Cross Currents: The Perils of Electropollution, the Promise of Electromedicine


Library Journal
Becker explores the healing potential and adverse effects of electricity. Many alternative therapies attempt to tap the curative abilities of electromagnetism, and Becker thinks they are often effective modalities which do not have the dangerous side effects of chemotherapy, radiation, and other mainstream medical procedures. On the opposite side of the coin, he reviews the potential dangers of electromagnetic fields from such sources as common household appliances, power lines, and computers--risks exhaustively exposed in Paul Brodeur's Currents of Death ( LJ 10/1/89). This accessible book is recommended for public libraries.-- Judith Eannarino, George Washington Univ. Lib., Washington, D.C.

  • ISBN-13: 9780874776096
  • Publisher: Penguin Group (USA) Incorporated
  • Publication date: 12/28/1990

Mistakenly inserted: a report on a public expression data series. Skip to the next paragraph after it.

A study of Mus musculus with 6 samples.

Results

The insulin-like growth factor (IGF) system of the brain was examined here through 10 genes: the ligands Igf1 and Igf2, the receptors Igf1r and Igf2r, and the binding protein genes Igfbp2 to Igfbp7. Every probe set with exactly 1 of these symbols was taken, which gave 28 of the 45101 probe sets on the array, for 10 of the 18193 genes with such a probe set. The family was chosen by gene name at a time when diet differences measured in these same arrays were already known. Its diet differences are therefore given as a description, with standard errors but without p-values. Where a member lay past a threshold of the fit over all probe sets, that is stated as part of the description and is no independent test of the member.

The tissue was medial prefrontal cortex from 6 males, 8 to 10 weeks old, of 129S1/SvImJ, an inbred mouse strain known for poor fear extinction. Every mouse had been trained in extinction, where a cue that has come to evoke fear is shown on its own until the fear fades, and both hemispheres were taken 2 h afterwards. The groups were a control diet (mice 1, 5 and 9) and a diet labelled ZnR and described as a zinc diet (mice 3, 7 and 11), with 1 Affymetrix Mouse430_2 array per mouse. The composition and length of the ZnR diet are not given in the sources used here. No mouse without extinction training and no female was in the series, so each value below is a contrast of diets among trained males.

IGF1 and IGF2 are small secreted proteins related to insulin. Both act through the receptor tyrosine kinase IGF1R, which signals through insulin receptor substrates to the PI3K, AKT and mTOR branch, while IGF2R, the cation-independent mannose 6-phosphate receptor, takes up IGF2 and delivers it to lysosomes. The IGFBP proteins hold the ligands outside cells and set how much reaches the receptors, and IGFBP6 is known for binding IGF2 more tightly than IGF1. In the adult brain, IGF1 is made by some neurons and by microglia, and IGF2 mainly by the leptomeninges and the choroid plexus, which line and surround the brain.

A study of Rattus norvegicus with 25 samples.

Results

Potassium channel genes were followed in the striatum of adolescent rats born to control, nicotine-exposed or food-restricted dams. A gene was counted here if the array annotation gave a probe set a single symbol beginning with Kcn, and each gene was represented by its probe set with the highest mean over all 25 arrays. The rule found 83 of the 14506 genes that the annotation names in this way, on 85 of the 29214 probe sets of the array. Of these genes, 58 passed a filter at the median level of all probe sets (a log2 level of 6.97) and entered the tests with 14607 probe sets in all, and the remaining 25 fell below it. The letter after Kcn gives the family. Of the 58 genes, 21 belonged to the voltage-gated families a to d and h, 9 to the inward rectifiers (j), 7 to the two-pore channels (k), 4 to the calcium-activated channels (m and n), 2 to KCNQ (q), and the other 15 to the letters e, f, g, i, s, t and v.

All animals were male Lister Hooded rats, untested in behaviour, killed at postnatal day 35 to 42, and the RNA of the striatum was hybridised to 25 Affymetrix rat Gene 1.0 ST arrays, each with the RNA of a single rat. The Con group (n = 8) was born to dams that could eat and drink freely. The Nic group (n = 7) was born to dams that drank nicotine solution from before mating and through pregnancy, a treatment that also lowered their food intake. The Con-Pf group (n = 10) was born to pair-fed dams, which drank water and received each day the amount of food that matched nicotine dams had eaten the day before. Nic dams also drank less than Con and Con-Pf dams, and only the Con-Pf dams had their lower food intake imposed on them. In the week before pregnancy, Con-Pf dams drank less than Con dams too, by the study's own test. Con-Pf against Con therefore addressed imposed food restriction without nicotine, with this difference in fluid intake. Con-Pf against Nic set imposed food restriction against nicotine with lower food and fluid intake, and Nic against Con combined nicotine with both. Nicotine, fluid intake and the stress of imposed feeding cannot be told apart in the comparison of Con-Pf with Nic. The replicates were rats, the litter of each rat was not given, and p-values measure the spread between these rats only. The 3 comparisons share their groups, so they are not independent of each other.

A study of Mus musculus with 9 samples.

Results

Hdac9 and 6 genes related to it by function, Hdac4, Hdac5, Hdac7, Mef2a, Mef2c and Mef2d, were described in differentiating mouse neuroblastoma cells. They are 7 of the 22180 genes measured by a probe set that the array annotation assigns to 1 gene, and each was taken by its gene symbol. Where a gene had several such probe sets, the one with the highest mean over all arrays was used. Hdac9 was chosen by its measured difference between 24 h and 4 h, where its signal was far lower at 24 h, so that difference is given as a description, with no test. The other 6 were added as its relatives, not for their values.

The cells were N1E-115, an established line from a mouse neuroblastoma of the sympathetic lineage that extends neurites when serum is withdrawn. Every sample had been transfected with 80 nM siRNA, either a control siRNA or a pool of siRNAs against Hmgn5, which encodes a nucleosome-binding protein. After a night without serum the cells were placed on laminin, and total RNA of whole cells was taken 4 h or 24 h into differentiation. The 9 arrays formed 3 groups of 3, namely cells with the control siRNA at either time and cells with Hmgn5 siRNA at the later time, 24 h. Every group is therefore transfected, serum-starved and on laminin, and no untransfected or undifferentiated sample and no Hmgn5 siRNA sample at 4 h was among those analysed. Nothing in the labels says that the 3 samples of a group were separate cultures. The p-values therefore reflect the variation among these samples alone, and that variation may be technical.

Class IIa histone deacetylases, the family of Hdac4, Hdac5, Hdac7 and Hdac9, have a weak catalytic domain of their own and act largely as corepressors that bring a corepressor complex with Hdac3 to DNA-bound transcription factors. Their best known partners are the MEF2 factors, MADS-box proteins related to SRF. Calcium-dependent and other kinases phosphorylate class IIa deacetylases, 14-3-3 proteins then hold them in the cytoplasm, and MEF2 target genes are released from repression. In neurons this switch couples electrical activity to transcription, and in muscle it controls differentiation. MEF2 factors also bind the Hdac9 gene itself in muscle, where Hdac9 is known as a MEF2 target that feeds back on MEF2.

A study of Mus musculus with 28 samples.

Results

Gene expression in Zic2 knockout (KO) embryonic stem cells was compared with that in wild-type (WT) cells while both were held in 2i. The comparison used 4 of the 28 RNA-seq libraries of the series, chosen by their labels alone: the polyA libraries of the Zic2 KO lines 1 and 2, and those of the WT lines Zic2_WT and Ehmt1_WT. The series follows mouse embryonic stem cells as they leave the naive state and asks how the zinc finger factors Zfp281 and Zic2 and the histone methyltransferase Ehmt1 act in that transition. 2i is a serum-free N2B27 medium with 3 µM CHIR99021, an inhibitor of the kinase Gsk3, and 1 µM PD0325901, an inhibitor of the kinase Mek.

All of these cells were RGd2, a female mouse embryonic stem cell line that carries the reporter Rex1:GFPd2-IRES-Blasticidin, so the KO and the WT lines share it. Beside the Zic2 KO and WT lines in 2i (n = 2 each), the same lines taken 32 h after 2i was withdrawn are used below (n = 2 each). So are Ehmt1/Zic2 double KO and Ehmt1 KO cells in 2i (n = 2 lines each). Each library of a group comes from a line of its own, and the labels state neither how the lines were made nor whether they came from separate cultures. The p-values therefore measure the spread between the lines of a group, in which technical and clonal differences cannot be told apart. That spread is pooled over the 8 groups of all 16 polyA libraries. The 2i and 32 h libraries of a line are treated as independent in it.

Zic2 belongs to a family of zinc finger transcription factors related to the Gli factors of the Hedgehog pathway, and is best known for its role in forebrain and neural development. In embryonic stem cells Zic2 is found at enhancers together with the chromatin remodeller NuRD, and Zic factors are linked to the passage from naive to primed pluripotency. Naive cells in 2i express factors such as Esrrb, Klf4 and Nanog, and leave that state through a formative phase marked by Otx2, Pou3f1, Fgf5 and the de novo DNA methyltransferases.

• Edition description: Reprint
  • Pages: 352
  • Sales rank: 589,513
  • Product dimensions: 6.14 (w) x 9.26 (h) x 0.87 (d)

Customer Reviews

  • Anonymous

    Posted February 25, 2013

    After choosing a career working with electricity, electronics, a

    After choosing a career working with electricity, electronics, and computers, I found that in my thirties my health ran down to the point of being put on prescription medication. None of the doctors could tell my why this occurred and they told me that it was a "normal aspect of aging", everyone is the same! I now know that I had a form of radiation sickness that was caused by exposure to the equipment that I was working with, the products that were in my home, and too much sunlight exposure (the Sun is a nuclear reactor!). This is an excellent book that confirmed my own personal findings. Today I have good health that I thought was impossible to achieve a few years ago.


    Didn't find information I expected...

    I was very impressed with a YouTube Dr. Becker presentation, and sought to make the apparatus referred to in the video... a little system to wear on the arm or leg providing a low electric current to the body.

    This information isn't in the book, and I haven't been able to find it anywhere, although the late Dr. Becker said he wanted to make the parts list and directions available to all.

    This book goes into technicalities that an engineer might find interesting, but not the layman.